Today many minority groups are raising their voices against oppression and therefore feel threatened. Art is a weapon for freedom of expression resulting into quite a few exhibitions at the moment around the subject of oppression. Black Dada form language is created by Adam Pendleton. It is a critical articulation of blackness, abstraction, and the avant-garde. (image)
Adam Pedleton speaks about the importance of minority groups to rewrite their narrative. His art is a way to talk about the future while talking about the past. Exhibition is on at Pace gallery, London.
South African artist Kemang Wa Lehulere’s work is a reflection of recent history of apartheid. He uses unusual materials like chalk and wooden cabinets. It is political art to create discussion.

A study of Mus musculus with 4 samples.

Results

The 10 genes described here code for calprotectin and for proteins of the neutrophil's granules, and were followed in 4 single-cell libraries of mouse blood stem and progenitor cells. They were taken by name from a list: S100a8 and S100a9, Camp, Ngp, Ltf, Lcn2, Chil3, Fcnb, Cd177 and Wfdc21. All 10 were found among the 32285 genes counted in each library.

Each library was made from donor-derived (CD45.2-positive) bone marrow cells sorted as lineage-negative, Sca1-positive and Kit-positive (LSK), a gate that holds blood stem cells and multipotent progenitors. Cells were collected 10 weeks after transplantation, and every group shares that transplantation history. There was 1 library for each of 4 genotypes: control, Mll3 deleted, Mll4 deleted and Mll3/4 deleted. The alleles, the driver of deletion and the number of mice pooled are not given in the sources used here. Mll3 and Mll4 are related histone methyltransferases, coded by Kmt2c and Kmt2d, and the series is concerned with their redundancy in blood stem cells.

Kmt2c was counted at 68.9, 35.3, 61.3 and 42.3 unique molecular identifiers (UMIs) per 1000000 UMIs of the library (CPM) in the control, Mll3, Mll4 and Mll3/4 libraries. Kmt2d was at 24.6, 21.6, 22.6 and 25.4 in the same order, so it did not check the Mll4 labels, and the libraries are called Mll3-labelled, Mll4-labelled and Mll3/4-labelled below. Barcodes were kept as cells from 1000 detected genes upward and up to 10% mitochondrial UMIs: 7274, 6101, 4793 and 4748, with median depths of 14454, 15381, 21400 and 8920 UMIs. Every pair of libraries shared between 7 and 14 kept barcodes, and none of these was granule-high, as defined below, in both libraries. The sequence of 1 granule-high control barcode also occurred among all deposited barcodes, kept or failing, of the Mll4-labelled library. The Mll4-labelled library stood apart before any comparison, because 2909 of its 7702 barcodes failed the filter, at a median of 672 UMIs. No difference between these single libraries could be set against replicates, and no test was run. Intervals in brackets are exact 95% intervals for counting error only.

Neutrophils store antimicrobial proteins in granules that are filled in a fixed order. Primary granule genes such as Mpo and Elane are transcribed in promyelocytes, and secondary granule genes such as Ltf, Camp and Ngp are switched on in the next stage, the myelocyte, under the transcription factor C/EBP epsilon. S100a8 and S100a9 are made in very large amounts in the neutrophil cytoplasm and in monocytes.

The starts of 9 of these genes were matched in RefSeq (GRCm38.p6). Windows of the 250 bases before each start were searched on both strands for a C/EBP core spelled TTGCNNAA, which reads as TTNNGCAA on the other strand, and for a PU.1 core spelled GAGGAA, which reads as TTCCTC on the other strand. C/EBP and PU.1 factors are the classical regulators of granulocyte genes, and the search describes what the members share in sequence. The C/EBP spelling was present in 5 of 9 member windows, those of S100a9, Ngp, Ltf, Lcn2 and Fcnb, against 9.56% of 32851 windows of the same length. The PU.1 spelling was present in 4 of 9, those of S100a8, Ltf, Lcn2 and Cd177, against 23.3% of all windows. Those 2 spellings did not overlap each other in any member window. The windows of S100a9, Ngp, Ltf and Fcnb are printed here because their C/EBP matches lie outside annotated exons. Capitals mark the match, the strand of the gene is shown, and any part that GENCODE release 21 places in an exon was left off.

Wa Lehulere became an artist after years of social activism. In 2006 he co-founded Gugulective, an artist-led collective based in the former township of Gugulethu, Cape Town, and his energies were devoted entirely to socially- and community-engaged performative actions.
Exhibition is on at Marian Goodman gallery.
Senegalese artist Omar Victor Diop photographs are recasting and re-writing history of the global politics & black resistance. He explores black identity by using himself as the main character in the portrait photographs.
His re-creations remind us that protests are more than physical actions. They are cultural events in which clothing and style are are form of political expression.
The exhibition is on at Autograph gallery.